U.S. Department of State 2005 Trafficking in Persons Report - Mongolia
|Publisher||United States Department of State|
|Author||Office to Monitor and Combat Trafficking in Persons|
|Publication Date||3 June 2005|
|Cite as||United States Department of State, U.S. Department of State 2005 Trafficking in Persons Report - Mongolia, 3 June 2005, available at: http://www.refworld.org/docid/4680d85623.html [accessed 2 March 2015]|
|Disclaimer||This is not a UNHCR publication. UNHCR is not responsible for, nor does it necessarily endorse, its content. Any views expressed are solely those of the author or publisher and do not necessarily reflect those of UNHCR, the United Nations or its Member States.|
Mongolia (Tier 2)
Mongolia is a source and transit country for women and men trafficked for the purposes of sexual exploitation and forced labor; it also faces a problem of children trafficked internally for the purpose of commercial sexual exploitation. In 2004, the government documented over 200 Mongolian children exploited as prostitutes. Mongolian women are trafficked to China, Macau, and South Korea for commercial sexual exploitation. There are also reports that Mongolian women have been trafficked to Hungary, Poland, and other East European countries, as well as France and Germany. Some Mongolian men working overseas face exploitative conditions that meet the definition of involuntary servitude – a severe form of trafficking.
The Government of Mongolia does not fully comply with the minimum standards for the elimination of trafficking; however, it is making significant efforts to do so. The Mongolian Government has acknowledged that trafficking is a problem and has tried to improve its ability to address it. While the government engages NGOs and regional and international organizations on anti-trafficking measures, it lacks the resources to combat trafficking effectively on its own. The Mongolian Government does not systematically monitor its anti-trafficking efforts and some officials lack an understanding of what constitutes trafficking. Government action should concentrate on adopting a strong and comprehensive anti-trafficking law, arresting and prosecuting traffickers, and providing victim protection measures.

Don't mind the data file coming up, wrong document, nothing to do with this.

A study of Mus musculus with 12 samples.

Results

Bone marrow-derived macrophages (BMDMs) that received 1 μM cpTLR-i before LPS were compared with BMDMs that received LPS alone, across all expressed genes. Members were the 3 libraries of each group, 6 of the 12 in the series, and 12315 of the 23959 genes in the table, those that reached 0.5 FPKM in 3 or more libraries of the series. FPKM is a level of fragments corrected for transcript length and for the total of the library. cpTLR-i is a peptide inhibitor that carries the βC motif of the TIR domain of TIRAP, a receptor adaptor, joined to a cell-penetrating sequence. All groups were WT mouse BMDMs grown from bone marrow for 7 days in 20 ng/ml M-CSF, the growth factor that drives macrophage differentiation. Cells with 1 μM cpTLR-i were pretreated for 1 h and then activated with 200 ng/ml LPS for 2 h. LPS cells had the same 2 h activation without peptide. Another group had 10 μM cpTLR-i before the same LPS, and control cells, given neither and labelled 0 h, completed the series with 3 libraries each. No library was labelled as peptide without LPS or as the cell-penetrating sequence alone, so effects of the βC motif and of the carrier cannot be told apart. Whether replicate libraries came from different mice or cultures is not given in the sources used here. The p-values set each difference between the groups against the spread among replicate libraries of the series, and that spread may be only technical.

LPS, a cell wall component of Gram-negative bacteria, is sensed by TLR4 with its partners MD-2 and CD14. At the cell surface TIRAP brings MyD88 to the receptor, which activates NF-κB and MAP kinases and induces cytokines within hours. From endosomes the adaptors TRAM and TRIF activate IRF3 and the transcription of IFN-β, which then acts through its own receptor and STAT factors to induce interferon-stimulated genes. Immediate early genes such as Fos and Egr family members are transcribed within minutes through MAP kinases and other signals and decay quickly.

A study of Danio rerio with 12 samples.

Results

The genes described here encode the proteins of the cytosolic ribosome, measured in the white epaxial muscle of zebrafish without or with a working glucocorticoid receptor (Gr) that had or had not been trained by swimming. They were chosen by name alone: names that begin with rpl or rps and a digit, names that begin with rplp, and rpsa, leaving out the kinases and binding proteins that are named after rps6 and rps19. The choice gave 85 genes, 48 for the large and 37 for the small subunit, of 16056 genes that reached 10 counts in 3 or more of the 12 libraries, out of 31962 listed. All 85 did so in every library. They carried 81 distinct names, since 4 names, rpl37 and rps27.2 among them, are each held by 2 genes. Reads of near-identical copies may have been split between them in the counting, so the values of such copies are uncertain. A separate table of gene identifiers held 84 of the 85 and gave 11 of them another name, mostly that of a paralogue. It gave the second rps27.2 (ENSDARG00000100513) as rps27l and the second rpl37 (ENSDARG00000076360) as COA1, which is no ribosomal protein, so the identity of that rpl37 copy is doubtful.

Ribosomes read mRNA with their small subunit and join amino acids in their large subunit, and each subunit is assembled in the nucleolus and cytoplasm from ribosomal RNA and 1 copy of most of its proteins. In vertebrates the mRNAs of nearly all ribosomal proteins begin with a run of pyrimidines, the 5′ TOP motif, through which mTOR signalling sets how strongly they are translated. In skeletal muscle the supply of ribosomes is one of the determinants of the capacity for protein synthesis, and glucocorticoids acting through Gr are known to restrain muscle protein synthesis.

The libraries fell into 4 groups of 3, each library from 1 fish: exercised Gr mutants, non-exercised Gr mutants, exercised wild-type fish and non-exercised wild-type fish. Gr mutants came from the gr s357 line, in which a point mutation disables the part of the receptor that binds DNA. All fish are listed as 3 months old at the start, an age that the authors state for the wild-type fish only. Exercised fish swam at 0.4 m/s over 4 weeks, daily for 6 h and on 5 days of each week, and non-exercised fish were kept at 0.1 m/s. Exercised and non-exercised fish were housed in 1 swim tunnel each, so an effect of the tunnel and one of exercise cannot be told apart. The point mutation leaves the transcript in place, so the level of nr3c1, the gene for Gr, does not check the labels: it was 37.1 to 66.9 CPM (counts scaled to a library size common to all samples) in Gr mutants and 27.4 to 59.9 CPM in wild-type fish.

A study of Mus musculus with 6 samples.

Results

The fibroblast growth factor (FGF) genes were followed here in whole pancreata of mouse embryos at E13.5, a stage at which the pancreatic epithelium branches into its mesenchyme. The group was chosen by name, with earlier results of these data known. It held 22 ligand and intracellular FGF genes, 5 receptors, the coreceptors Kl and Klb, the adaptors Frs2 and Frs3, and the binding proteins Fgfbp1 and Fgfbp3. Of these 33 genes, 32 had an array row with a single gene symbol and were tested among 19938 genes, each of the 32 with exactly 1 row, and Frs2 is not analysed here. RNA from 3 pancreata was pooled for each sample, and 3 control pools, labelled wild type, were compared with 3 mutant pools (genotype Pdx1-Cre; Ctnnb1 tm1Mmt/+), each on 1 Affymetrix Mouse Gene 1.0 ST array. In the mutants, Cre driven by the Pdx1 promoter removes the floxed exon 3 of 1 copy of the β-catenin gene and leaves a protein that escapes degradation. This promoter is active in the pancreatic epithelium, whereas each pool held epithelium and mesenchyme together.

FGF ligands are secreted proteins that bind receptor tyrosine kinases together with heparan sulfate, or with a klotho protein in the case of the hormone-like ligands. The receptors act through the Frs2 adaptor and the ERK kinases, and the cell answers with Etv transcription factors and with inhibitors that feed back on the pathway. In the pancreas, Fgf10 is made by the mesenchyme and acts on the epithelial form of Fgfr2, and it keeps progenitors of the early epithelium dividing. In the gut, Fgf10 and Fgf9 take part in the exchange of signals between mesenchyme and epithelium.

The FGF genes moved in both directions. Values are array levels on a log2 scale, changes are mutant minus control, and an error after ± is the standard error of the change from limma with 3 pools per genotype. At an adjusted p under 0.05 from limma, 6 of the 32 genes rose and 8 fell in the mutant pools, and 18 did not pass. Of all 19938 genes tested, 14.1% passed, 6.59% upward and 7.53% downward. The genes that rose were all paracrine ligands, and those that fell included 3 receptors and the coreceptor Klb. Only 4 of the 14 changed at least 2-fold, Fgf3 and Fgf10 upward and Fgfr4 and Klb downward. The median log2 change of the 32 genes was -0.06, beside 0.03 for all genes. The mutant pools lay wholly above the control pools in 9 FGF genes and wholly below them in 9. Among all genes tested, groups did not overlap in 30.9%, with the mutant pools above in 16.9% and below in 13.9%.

The Mongolian Government's law enforcement efforts against trafficking were modest during the reporting period. The government investigated four trafficking-related cases in 2004, but there were no successful prosecutions. Authorities have not developed the capacity to compile full information on trafficking-related arrests, prosecutions, and convictions. Mongolia's criminal code and criminal procedure code contain provisions against trafficking in women and children and prostitution, with penalties of ten to 15 years' imprisonment for trafficking and a maximum of five years' imprisonment for prostitution. The Ministry of Justice and Home Affairs, in coordination with the National Human Rights Commission, is currently reviewing the anti-trafficking provisions of the criminal code in an effort to strengthen the law and make it easier to prosecute traffickers.
The Mongolian Government did not provide protection and direct assistance to trafficking victims during the reporting period, largely due to resource constraints. The government did not fund foreign and domestic NGOs that provided support for victims.
While there were no anti-trafficking campaigns conducted in Mongolia over the last year, the government worked with travel industry representatives and UNICEF to establish a voluntary code of conduct to prevent the sexual exploitation of children in the travel and tourism industry. The Mongolian Government recognized that trafficking is a problem, but it did not place a priority on trafficking prevention programs. During the last year, the government began developing a national action plan to combat trafficking and the commercial sexual exploitation of children.